Posted 10 May, 2019

This is an interview Q&A with CEO Richard Howitt by Pivot Magazine and CPA Canada. The original article can be read here.


Richard Howitt has a long history of pushing companies to do good. Born in England, he spent nearly two decades as an elected member of the European Parliament, where he served as special rapporteur on corporate social responsibility for 12 years and was a key architect of the EU’s groundbreaking 2014 directive on non-financial corporate disclosure. He’s now CEO of the International Integrated Reporting Council, a London-based organisation that advocates for improved corporate reports worldwide. Pivot magazine talked to Howitt at a CPA Canada event in February.

Just briefly, can you explain the principles behind integrated reporting?
The nature of corporate information is changing. We now live in a multi-capital world. We still need financial reporting, of course, but there’s also environmental, social, human resource and intellectual capital. These are the true value drivers of the future. So firms need an integrated report that captures all these, and has as its objective long-term value creation. The IIRC was created to transform corporate reporting worldwide based on these principles.

And how is that going?
We are making extraordinary progress, but we’re tempered by the size of the task. Right now we have 1,700 companies in 72 countries doing integrated reporting, and it’s already the leading practice in Japan and South Africa. We’re also seeing big numbers in Brazil and Europe. In five years it will likely be the norm in China. And we’ve seen big-name adopters in the United States as well, such as General Electric, Southwest Airlines and Jones Lang LaSalle.

But keep in mind that financial reporting itself developed over hundreds of years. Our target is to make integrated reporting the global norm for corporate reporting by 2025. So that’s a huge challenge.

How would you assess Canadian progress?
Canada is a priority market for us. There is a lower level of awareness here when compared to some other markets, but let’s not underestimate your strengths. CPA Canada has been an important force as a leading and active member of the IIRC globally. [Canadian Dominic Barton is its current chair.]

What explains the low level of awareness in Canada? Is part of the problem that people feel much of this information is already included in Management’s Discussion and Analysis (MD&A) documents?
If so, then that’s a good problem to have. Let’s be honest, Canada is an advanced economy with a pretty good system of reporting. So you are starting from a high point. And if these ideas are already included in MD&As in Canada, then we should consider that a success, not a failure. But can we maximise the benefits of this process? CPA Canada did an analysis and found that integrated reporting is compatible with existing reporting requirements. So that presents a wonderful opportunity for companies here to improve their reporting. And you already have some outstanding examples of integrated reporting in this country.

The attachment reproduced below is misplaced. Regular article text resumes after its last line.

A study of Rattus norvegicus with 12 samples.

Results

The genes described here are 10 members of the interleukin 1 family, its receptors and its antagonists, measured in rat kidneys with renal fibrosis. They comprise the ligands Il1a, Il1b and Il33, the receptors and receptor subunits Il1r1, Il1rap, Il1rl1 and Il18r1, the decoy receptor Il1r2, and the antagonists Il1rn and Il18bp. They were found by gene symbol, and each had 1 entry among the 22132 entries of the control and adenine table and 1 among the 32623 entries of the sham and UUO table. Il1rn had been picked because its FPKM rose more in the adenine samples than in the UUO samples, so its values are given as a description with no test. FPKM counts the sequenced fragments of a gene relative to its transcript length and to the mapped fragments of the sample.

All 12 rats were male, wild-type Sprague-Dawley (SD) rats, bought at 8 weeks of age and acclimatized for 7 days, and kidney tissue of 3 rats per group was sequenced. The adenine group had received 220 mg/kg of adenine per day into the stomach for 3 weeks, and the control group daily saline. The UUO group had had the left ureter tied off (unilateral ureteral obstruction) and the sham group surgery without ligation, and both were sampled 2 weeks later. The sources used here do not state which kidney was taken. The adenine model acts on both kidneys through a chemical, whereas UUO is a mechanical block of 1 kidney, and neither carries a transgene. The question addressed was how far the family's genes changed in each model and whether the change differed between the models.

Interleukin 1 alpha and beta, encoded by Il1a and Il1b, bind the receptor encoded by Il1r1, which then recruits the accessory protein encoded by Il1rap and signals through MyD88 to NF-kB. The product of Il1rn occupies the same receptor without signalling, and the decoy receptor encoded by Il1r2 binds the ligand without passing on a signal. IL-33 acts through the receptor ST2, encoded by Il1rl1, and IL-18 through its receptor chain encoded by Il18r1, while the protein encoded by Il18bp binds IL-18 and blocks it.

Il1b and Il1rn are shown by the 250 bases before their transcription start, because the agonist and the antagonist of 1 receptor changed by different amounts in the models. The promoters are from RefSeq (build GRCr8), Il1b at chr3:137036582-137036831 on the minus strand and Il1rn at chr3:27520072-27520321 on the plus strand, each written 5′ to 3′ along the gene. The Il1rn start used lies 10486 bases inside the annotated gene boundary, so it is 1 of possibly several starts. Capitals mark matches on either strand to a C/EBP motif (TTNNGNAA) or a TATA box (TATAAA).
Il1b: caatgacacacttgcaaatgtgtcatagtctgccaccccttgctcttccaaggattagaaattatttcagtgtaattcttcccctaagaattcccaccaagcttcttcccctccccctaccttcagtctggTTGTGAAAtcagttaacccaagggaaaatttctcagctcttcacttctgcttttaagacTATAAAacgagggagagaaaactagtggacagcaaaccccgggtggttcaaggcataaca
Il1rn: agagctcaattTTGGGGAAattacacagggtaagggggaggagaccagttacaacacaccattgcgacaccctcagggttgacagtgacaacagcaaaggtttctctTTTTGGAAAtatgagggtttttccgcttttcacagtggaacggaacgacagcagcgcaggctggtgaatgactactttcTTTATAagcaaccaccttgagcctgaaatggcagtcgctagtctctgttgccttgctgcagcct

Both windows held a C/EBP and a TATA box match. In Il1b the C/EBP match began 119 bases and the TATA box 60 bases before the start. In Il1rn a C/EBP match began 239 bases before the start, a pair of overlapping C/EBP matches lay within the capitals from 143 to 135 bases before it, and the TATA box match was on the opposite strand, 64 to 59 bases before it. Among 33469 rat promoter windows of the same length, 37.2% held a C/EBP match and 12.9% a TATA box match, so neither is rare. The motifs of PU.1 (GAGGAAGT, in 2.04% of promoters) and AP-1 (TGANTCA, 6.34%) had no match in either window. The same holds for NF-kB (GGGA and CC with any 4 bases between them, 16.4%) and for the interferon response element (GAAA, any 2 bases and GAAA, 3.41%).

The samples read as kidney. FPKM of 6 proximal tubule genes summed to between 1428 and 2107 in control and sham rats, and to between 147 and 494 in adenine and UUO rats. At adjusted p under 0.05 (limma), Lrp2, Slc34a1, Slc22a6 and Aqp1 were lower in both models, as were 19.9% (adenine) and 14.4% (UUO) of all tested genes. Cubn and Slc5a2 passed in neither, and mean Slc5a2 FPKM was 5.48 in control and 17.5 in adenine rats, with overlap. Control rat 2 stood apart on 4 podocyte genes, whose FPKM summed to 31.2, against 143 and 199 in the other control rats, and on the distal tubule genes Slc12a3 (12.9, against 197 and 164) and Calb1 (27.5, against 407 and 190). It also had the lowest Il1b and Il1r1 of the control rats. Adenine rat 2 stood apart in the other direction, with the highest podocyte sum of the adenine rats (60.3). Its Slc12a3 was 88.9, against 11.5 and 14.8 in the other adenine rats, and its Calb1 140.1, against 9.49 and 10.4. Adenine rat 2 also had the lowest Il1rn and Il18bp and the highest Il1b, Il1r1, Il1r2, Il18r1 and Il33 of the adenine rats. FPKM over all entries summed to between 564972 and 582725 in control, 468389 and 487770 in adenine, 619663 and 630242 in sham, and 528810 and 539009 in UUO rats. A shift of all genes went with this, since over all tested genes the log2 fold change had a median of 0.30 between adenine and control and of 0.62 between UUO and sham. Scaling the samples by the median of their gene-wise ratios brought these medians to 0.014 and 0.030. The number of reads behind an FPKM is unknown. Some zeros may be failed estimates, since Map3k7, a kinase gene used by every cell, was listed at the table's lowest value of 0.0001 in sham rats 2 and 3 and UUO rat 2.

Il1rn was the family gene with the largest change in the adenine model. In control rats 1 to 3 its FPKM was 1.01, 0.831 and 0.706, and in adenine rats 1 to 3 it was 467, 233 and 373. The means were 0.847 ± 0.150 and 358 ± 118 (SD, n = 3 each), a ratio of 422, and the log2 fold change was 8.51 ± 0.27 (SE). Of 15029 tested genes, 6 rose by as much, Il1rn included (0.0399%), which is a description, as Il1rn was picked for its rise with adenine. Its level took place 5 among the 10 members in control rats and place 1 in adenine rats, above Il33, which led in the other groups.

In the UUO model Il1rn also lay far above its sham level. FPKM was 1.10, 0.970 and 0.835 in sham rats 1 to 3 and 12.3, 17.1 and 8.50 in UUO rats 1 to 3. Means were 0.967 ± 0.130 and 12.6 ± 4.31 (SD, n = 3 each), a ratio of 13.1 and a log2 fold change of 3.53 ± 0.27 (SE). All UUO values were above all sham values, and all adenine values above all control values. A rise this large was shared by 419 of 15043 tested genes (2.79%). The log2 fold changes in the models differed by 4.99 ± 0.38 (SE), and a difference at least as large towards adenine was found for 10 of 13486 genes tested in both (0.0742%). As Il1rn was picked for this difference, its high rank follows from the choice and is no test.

Such as?
Vancity [Vancouver City Savings Credit Union] was right there at the start of the IIRC. And it produces an outstanding integrated report. Co-operators Insurance also produces a very high-quality report. TransAlta in the energy sector is noteworthy, particularly for showing how its transition to renewable energy has been incentivized by integrated reporting. So I give three cheers to the organisations here that are already doing it.

What will be required to achieve full-scale adoption in this country?
It’s all about a mindset shift—from short-termism to having companies look to the long-term and adopt a holistic view of all their different resources and relationships and impacts. Only when this new mindset comes through will we have truly succeeded. I am always being questioned: “Is this about more reporting?” No. It is less but better reporting. More concise information that is more material to the company. It’s cutting the clutter.

Is concern about reporting on climate change spurring action on this front?
Climate is top of mind for many businesses right now. And so we can see climate change disclosure gaining traction among Canadian firms. It’s a stepping stone. But it doesn’t stop there. There’s population change, demographic change, technological change. All these megatrends are as big in terms of impact as climate change. And only by having a connected—integrated—view can companies really know what is material to their long-term value creation.

What role will accountants play in this transition?
The IIRC was set up as a result of the efforts of the International Federation of Accountants [IFAC, of which CPA Canada is a member]. If accountants are going to ensure their reporting remains relevant in the future, then this work is absolutely essential. Information is changing. The difference between the old days and now is the difference between a tap and a lake. Before, the tap turned on the information once a year, and then turned off again. Now information is coming from all directions. Companies will have to decide whether they want to tell their own story, or if they want to let others do it for them.

Two years ago, IFAC said integrated reporting is the future of corporate reporting. No hesitation. No qualification. And pay credit to accounting schools and the big accountancy firms for their thought leadership and support. The whole profession is behind this mission.

Written by Peter Shawn Taylor, editor-at-large of Maclean’s magazine and a columnist at the Record newspaper in Waterloo, Ontario.